I am connecting the 3 inside wires to audio left, right, and ground. This is an unbalanced setup, right?
In this case, should I be shielding the left from the right as well? what about audio ground?

Where/how do I connect the shielding?
Do I connect both sides (i think no?)? Which side? To where?
My choices for where to connect the shield: audio ground, chassis, nothing

I would like to avoid all ground loops and noise.

If I felt like putting on some EMI protection and have some braided EMI shielding roll, should I bind the EMI shielding to the foil shield to make one shielding conductive layer or should I separate the shield layers with insulation? any pros and cons to each method?
Do I connect both sides (i think no)? Which side? To where?
My choices for where to connect the shield: audio ground, chassis, shield (wherever that may be connected to), nothing

I feel like I've seen some manufacturers with multi-layer shielded wires that have separated layers, others that are together, and some that have a combination. What are the benefits?


Please make the distinction between EMI & RFI, since most of the colloquial speech involves using EMI as a catchall for both EMI & RFI, but as I understand it, they are two different things with two different requirements and it can be confusing to me.
If you believe foil is "better" than braided, please provide facts as to why and how, as it is my belief/understanding that they are each designed for different purposes and would like to understand your reasoning.


I have no electrical engineering degree, so I could be wrong.

  • \$\begingroup\$ i have seen it (and saved it) but not really read it. i will read it in-depth. \$\endgroup\$ – Zero Feb 14 '15 at 20:38
  • \$\begingroup\$ You're using the wrong cable. You should be using twin shielded pairs, not for ground loop reasons but to minimise crosstalk. \$\endgroup\$ – user207421 Feb 15 '15 at 0:36
  • \$\begingroup\$ @EJP Are you proposing that I should be changing my setup from unbalanced to balanced and then back to unbalanced again? \$\endgroup\$ – Zero Feb 15 '15 at 3:10

However, if there are other ground connections between the two pieces of equipment in addition to this cable, you run the risk of a ground loop.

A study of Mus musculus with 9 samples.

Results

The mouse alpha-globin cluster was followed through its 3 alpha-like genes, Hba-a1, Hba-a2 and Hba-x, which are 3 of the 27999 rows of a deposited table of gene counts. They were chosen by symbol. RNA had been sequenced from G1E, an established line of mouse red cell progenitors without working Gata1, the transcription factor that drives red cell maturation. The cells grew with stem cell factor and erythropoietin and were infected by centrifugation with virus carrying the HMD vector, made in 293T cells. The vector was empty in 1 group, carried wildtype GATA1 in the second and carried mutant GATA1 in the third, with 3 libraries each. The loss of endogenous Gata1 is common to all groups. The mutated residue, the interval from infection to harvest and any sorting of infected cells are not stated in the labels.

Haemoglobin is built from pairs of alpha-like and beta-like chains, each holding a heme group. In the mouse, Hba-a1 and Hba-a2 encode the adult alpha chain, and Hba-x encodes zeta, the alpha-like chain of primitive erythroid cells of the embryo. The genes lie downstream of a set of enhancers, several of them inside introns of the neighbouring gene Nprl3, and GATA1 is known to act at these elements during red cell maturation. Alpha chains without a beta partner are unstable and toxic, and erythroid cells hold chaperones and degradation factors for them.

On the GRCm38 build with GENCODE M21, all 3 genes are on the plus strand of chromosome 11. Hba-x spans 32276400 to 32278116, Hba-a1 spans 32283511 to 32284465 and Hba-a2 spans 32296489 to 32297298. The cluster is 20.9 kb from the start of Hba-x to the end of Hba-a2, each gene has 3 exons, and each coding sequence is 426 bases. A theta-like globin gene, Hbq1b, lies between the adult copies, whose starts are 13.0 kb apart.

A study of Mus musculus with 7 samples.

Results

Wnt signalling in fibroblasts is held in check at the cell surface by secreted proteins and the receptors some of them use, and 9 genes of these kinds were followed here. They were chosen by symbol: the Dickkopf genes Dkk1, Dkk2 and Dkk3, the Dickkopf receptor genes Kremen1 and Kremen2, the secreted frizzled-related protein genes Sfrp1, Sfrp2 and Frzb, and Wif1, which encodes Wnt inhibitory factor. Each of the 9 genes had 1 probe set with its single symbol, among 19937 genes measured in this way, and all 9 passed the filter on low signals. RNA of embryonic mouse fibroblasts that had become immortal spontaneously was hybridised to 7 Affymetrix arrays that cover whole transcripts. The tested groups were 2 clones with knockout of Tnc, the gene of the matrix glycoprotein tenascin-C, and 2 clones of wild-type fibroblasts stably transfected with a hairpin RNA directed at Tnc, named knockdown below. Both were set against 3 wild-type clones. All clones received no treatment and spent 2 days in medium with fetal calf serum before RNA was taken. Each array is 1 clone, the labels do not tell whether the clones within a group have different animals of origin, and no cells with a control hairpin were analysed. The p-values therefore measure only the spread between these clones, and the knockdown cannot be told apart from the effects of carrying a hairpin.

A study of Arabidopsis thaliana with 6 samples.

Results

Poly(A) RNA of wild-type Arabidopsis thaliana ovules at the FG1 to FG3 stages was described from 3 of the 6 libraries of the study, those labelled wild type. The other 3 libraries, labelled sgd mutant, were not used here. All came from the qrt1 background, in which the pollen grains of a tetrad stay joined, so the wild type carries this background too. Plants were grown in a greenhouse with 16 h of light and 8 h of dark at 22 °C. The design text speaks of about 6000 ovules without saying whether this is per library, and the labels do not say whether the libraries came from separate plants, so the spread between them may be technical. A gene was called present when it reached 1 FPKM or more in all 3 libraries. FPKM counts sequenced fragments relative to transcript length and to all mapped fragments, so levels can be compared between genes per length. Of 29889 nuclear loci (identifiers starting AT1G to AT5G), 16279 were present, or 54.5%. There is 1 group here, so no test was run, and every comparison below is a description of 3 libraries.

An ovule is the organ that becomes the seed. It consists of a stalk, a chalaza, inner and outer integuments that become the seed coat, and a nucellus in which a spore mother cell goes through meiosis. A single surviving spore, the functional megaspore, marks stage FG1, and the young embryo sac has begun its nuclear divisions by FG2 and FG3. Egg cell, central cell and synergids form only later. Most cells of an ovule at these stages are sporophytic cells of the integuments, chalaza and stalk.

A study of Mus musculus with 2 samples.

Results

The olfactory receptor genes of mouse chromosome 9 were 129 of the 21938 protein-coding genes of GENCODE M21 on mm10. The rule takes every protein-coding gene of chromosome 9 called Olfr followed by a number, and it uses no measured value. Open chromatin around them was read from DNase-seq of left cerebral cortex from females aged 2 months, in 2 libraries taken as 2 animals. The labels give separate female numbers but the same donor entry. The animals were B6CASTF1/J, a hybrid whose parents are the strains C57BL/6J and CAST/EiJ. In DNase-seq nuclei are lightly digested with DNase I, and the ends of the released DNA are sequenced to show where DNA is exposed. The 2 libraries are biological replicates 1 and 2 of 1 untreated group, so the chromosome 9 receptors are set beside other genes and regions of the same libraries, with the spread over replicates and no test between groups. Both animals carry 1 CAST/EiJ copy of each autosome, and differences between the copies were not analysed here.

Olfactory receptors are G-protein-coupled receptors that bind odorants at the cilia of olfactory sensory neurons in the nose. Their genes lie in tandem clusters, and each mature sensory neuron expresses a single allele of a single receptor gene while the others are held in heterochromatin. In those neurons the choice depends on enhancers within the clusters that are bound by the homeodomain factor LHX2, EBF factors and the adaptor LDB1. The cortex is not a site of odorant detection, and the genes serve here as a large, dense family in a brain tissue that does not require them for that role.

Note that if you do run into a ground-loop problem, it can be fixed by adding isolation transformers in-between the equipment. I do this regularly when dealing with ground problems in professional broadcast intercom systems.

The shield should be grounded at one end only. There is on-going discussion as to the best place to ground the shield: at the source or at the destination. There are valid reasons for both. My preference is to ground the shield at the destination. This ensure that the cable is still shielded should it be unplugged from the source.

Note that when I say 'ground the shield', you would either connect it to the chassis ground connection of the equipment OR connect it to the ground pin of the audio signal you are passing. FWIW - I rarely connect the shield to the chassis for audio signals.

When I'm working with XLR connectors, I almost always ground the shield to pin 1 of the connector rather than the shell because some equipment doesn't allow for grounded connector shells. RTS intercom BP-325 belt packs are a perfect example of this: the connector shell is a part of the molded plastic enclosure and there is no shell connection.

On the other hand, RF signals are the opposite. The shield is almost always connected to the chassis or shell for cables, connectors, and signals.

In other words, it depends on what you are doing.

Regarding adding a braid over top of the foil shield: you are wasting your time. Most braid shielding has anywhere from 60% to 90% effective shield coverage whereas foil shield is a solid 100% coverage.

Finally, some coax cables have multiple shields. Television Video camera cables known as "Triax" are a good example: the two shields are insulated from each other. The outer shield is Ground, the inner shield is DC Power to operate the camera, the center conductor carries the signal.

Another coax cable that has two shields is the soldering wands (RM3E) for Metcal MX-500 solder stations. There, the double shield is used to minimize RF leakage from the cable. Both shields are grounded at one end and I'm pretty sure that the outer shield is floating at the other end. I think.

  • \$\begingroup\$ thats true. but i do not have a balanced audio connection. I am trying to figure out what best i can do for this particular setup, but thanks for the info \$\endgroup\$ – Zero Feb 15 '15 at 4:02
  • \$\begingroup\$ What I have suggested should work well for you. If you do run into a ground loop, your only choices are to either eliminate the other ground connection (if possible) or use isolation transformers (or some form of differential amplifier). I do a lot of Broadcast TV and Radio audio stuff and deal with these kinds of issues on a regular basis. I use a lot of transformers because they are passive and don't require power. Mind you: I use high quality transformers. \$\endgroup\$ – Dwayne Reid Feb 19 '15 at 6:20
  • \$\begingroup\$ Agreed. I've been looking into just building my own isolation transformers... but finding specific information online about this is not working out for me as easily as i hoped. If I can build one for relatively cheap and it does a decent job, then I would be satisfied. \$\endgroup\$ – Zero Feb 20 '15 at 3:35

You should not connect the shield at both ends. The shield should be connected to whichever end has lower impedance. This is almost always just audio ground and usually grounds fan out from a center point so that is probably enough information to identify the correct place to ground the shield.